Over the past few years, Pwn2Own browser hacking competitions have shown that Chrome has remained the least exploited and therefore most secure of all the major browsers. German security firm X41 D-Sec confirmed this once again by testing various attacks against Chrome, Edge, and Internet Explorer.
One thing to note, though, is that Google paid for the time the researchers spent on the testing. However, the researchers said in their published paper that because they knew this would look like their research is biased, they chose their research criteria carefully to make the testing methodology as fair as possible for all the browsers involved.
As browsers have become more complex by adding more and more features and support for new HTML specifications, the surface attack has grown to match that. However, the good news is that browser makers have also increased their focus on security over the past few years.
Both Chrome and Edge have particularly focused on sandboxing various components of the browser and adopting modern exploit mitigation techniques to become more resilient against attacks.
However, these features are not all equal to each other, and X41 found that Chrome enforces its security restrictions better than Edge. Chrome also has a higher level of compartmentalization. As the Qubes OS has shown us, that tends to be the most effective way to stop attacks.
Edge’s biggest weakness seems to be Microsoft’s continuing reliance on Internet Explorer as a legacy browser. Edge keeps a list of websites, that when accessed, the user is encouraged to switch to Internet Explorer, thus bypassing any modern protections the Edge browser might have compared to Internet Explorer.
One way for malicious actors to bypass Edge’s protections and then take over the system is to infect one of those websites with their malware and then deliver their payloads through Internet Explorer. X41 proved this by purchasing one of the expired domains that continues to appear in Edge’s legacy website list, and then downgrading the target’s browser from Edge to Internet Explorer.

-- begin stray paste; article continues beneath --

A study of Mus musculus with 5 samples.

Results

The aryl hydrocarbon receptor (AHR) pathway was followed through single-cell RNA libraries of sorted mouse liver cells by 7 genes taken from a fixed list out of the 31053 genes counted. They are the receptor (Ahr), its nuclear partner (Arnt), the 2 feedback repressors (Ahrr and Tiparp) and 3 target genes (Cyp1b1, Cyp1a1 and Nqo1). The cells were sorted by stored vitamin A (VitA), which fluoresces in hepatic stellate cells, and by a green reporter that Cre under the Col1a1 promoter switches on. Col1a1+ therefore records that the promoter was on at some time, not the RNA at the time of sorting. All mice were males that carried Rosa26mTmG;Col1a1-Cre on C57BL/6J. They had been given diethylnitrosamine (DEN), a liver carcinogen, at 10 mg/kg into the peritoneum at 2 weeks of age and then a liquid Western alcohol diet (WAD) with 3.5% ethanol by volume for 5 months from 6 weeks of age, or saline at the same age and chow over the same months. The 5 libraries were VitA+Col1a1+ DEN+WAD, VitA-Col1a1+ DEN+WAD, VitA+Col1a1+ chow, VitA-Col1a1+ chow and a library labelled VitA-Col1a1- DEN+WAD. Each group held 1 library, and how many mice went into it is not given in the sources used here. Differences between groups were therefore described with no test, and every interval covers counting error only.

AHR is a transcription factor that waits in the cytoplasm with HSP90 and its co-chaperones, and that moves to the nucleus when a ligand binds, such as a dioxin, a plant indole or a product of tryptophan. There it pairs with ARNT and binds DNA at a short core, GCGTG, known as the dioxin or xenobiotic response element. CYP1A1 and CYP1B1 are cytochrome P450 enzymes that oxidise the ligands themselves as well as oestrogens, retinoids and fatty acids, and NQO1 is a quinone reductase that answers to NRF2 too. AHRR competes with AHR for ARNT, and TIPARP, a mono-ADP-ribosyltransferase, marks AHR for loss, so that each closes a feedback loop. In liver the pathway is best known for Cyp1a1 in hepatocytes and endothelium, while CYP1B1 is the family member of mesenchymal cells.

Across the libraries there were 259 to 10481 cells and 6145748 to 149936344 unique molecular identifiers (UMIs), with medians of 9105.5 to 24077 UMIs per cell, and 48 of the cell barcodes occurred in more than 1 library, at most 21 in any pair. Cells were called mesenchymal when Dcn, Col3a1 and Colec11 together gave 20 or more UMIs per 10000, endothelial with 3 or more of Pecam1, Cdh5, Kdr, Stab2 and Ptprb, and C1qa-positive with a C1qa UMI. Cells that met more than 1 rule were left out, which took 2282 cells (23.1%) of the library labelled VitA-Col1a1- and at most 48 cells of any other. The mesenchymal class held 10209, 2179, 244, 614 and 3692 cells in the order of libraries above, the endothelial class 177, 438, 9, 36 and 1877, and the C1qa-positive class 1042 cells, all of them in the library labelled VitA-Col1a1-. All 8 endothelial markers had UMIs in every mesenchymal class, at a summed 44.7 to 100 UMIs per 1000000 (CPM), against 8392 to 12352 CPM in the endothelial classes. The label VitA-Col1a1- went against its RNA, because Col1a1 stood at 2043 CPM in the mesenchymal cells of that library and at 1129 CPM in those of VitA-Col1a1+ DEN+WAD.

X41 also found that although the AppContainer sandboxing technology used by Edge could provide good isolation, Microsoft has given these AppContainers partial access to resources such as the network, file system, and Windows registry. In contrast, Chrome uses a different set of techniques to completely isolate untrusted content from accessing those same resources.
According to the researchers, Microsoft employs the most operating system and compile-time security features to sandbox content processes against exploitation, but they still feel that Microsoft has given content processes too many capabilities, as well.
The X41 researchers also noted that more important than the number of sandboxing features is how those features are used to isolate websites and other types of content such as settings and extensions. Chrome’s isolation is more complete than Edge’s own isolation, but the researchers still found a loophole in one of Chrome’s experimental sandboxing features.
The researchers also warned that Chrome’s adoption of novel HTML features such as Service Workers, WebUSB, and Web Bluetooth could expose Chrome to new types of attacks, too. One Chrome security engineer warned about the same dangers not too long ago.
Protection Against Phishing
The X41 security researchers believe that phishing is an important attack vector, so they tested all three browsers against this type of attack. They discovered that Edge and Internet Explorer are the most vulnerable of the three against phishing, due mainly to their support for legacy functionality. However, they also found that an attacker could almost completely take over the Chrome browser via a malicious extension. The X41 D-Sec group was able to bypass Chrome Web Store’s security checks to do just that.
The researchers also discovered that Google’s Safe Browsing service is more accurate than Microsoft’s SmartScreen, but they noted that it's unlikely either of them would help against targeted spearphishing attacks.
The security firm’s results also showed that Google’s engineers are faster to fix reported bugs, and they also deliver unscheduled patches to Chrome to fix dangerous bugs faster, while Microsoft will usually wait for the monthly patch bundle to deploy its browser patches.
In summary, X41’s research showed that although Edge also seems to keep up with modern security features, its security is significantly compromised because of its fallback to the legacy Internet Explorer browser. In comparison to Edge, Chrome also employs stricter security defaults and has a higher level of compartmentalization, thus allowing it to evade more attacks.